Having taught college-level Religion classes for 25 years now, I have known for a long time that it can be a challenge for students from any faith background to interpret fairly the beliefs and practices of other communities. In my experience, that is especially the case for many evangelical Protestants when they encounter just about anything that looks “too Catholic.” Having grown up a Southern Baptist in Texas and having taught now for over 20 years at a Methodist-related institution, I have not been surprised to have students who seem allergic to practices they identify with the abuses of Rome as rejected by the Protestant Reformation. This semester’s students in my Orthodox Theology course have helped me grow in my understanding of how to address these dynamics with a bit more clarity.
As they were reading St. John of Damascus’ treatises in defense of the holy icons, some of my students took objection to his claim that the Saints are due honor because they partake by grace in the divine glory. An implication of that claim is that to refuse to honor the Saints is to refuse also to give proper glory to God, for it is His glory in which the Saints participate. How, then, could any Christian fail to honor those who shine with holy light? Some students suggested that to honor the icons of Saints, to ask for their prayers, and to remember them liturgically puts people at risk of worshiping the Saints instead of God, of committing idolatry. In response, I explained that Orthodoxy formally distinguishes between veneration and worship and that there is so much in the life of the Church, and in the spiritual formation of Orthodox believers, to guard against such abuses. They remained skeptical, however.
It occurred to me a few days after that class that the students were probably thinking about what they imagine would happen if the veneration of Saints and icons were all of a sudden made part of the Methodist congregations in which they worship. As is perfectly understandable, they were thinking in light of their own experience. And since the theological sensibilities of Protestantism developed over against the abuses of the Catholic Church in the 16th century, how could they not be suspicious of restoring practices that the Reformers rejected and that are essentially unknown in their communities?
As well, it clicked that Orthodox veneration of the Saints manifests belief in theosis, that human beings become participants in the divine energies like an iron left in the fire. They shine with the divine glory as they become holy through their participation in the life of the Holy Trinity by grace. From its origins, the Church has glorified God by celebrating those in whom we have experienced His holiness. They show us what it means for people, every bit as human as we are, to be so united with the New Adam that they become living icons of the fulfillment of our nature as those created in God’s image and likeness. Since Orthodoxy is clear about the radical difference between worship and veneration, there is no threat of idolatry here. Likewise, the iconoclasts challenged the experience of the Church from her origins. They were the innovators, insisting that what they did not like be ripped out of the life of the Body of Christ, irrespective of the scandal and harm caused to the people of God.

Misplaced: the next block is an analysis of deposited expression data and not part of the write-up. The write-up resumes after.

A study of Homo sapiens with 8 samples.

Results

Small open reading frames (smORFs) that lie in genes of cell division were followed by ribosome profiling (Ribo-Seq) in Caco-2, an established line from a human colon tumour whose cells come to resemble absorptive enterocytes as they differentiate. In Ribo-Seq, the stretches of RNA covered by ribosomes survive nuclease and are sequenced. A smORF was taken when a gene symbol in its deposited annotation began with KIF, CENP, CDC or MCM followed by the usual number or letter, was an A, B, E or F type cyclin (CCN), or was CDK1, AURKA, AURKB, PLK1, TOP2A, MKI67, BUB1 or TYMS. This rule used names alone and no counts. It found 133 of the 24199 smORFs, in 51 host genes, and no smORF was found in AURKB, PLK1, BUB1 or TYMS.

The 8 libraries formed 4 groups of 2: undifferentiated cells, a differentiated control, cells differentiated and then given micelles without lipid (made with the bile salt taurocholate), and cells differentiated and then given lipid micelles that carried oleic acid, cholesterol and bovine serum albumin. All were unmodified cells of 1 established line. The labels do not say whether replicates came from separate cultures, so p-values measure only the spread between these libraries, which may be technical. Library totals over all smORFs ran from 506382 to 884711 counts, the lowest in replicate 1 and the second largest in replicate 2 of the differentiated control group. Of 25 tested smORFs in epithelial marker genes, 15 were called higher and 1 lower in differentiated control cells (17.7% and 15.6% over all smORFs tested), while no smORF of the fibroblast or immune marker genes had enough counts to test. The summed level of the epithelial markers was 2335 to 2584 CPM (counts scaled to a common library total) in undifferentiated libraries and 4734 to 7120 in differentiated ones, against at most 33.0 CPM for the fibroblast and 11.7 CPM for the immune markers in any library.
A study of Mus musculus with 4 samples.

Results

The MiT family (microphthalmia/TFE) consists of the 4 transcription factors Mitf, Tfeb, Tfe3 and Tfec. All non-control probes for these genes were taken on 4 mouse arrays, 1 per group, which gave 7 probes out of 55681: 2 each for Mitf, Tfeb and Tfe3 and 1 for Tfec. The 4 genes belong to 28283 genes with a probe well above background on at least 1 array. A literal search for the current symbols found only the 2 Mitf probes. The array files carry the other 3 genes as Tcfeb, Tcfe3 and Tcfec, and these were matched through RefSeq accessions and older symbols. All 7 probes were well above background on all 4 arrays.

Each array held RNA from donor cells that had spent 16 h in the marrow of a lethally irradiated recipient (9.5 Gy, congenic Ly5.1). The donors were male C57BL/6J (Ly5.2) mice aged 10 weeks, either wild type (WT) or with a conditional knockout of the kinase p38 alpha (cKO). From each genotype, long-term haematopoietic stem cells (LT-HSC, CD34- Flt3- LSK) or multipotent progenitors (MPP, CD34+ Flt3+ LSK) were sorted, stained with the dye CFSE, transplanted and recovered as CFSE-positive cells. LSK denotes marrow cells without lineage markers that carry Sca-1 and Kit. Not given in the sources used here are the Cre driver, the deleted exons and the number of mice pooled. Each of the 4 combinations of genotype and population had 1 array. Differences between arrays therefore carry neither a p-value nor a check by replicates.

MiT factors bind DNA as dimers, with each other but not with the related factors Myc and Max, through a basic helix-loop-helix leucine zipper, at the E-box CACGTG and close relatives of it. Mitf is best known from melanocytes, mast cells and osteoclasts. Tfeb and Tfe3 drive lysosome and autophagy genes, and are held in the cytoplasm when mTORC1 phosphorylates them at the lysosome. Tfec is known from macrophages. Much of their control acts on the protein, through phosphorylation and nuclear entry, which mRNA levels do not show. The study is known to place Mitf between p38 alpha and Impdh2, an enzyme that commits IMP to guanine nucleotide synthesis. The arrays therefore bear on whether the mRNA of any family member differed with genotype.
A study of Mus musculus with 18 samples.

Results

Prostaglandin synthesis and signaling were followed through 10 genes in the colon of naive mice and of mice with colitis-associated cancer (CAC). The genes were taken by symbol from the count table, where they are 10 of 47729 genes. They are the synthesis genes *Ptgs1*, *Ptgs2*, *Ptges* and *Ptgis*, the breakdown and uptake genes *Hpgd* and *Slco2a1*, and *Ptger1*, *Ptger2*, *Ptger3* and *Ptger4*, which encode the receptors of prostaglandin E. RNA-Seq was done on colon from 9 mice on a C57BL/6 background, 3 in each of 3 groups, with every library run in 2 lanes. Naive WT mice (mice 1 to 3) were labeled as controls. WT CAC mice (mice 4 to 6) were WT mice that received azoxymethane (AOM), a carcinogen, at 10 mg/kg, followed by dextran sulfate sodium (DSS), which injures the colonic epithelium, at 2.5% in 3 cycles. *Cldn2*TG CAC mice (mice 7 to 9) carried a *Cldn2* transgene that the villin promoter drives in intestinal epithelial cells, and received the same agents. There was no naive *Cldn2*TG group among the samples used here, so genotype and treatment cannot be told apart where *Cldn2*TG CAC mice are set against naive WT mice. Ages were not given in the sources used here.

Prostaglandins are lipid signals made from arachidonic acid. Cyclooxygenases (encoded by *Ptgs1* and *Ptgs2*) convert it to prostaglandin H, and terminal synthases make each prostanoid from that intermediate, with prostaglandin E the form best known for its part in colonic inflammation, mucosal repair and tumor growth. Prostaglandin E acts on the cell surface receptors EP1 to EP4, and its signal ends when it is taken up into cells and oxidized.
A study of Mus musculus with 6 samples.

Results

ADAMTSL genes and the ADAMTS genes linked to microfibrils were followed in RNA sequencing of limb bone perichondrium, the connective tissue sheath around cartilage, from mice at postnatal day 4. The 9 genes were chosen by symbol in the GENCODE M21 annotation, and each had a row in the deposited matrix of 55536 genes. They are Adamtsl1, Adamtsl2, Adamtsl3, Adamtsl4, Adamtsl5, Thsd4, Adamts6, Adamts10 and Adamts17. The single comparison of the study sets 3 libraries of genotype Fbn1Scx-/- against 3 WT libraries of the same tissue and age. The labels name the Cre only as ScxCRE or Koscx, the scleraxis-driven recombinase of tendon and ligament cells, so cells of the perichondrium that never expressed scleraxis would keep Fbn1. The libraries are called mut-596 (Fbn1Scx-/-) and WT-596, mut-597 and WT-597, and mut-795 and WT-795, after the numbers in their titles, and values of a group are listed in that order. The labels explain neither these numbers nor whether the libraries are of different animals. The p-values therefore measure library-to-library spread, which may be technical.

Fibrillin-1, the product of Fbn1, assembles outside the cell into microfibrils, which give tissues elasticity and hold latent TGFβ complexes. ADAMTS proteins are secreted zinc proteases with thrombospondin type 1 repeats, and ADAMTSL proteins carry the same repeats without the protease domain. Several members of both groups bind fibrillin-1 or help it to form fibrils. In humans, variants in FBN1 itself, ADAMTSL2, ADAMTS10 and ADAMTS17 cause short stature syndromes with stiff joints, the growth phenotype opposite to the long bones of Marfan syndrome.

The next time that class met, I urged my students to remember that St. John of Damascus was speaking in and to a Church with well-established understandings of theosis, of the difference between worship and veneration, and centuries of experience in honoring and asking for the prayers of the Saints. He was not addressing Protestants with no concept of deification. He was not addressing communities that had refused to venerate the Saints for five hundred years, that had identified that practice with later abuses in the West, or that had affirmed sola scriptura. My students may make of these matters what they will, but I suggested that it is probably not helpful to reduce the issue simply to speculation on what would happen if they started venerating Saints tomorrow in their own congregations.
Instead, they would do well to wrestle with their relationship to the “great cloud of witnesses” in Hebrews 12 that inspires us to look to Christ as we continue the race. There is no competition between honoring those holy people and worshipping the Lord in that passage. They would benefit from engaging the status of the martyrs described in Revelation 6 and the reference to the prayers of the Saints rising with incense in Revelation 8. In other words, their traditions should encourage them to engage the Bible on these matters, including the miracles worked by the bones of Elisha in the Old Testament (2 Kings 13:21) and the shadow, handkerchiefs, and aprons of the Apostles in the New Testament (Acts 5:15, 19:12). Since Protestants are supposed to judge tradition by Scripture, they should consider whether their traditions have done justice to the teachings of the Bible on these matters. Some of my former students have become Orthodox as a result of wrestling with such questions, but what they do with my suggestions is ultimately up to them.
Enthusiastic veneration of the Saints and their icons did not break out spontaneously that day in class, but I could tell that the students were open to seeing these matters in a new light, and not in a way that is entirely captive to their own experience. That is surely one of the most important dimensions of higher education. Maybe there is some point to what I have had the blessing to do now for 25 years.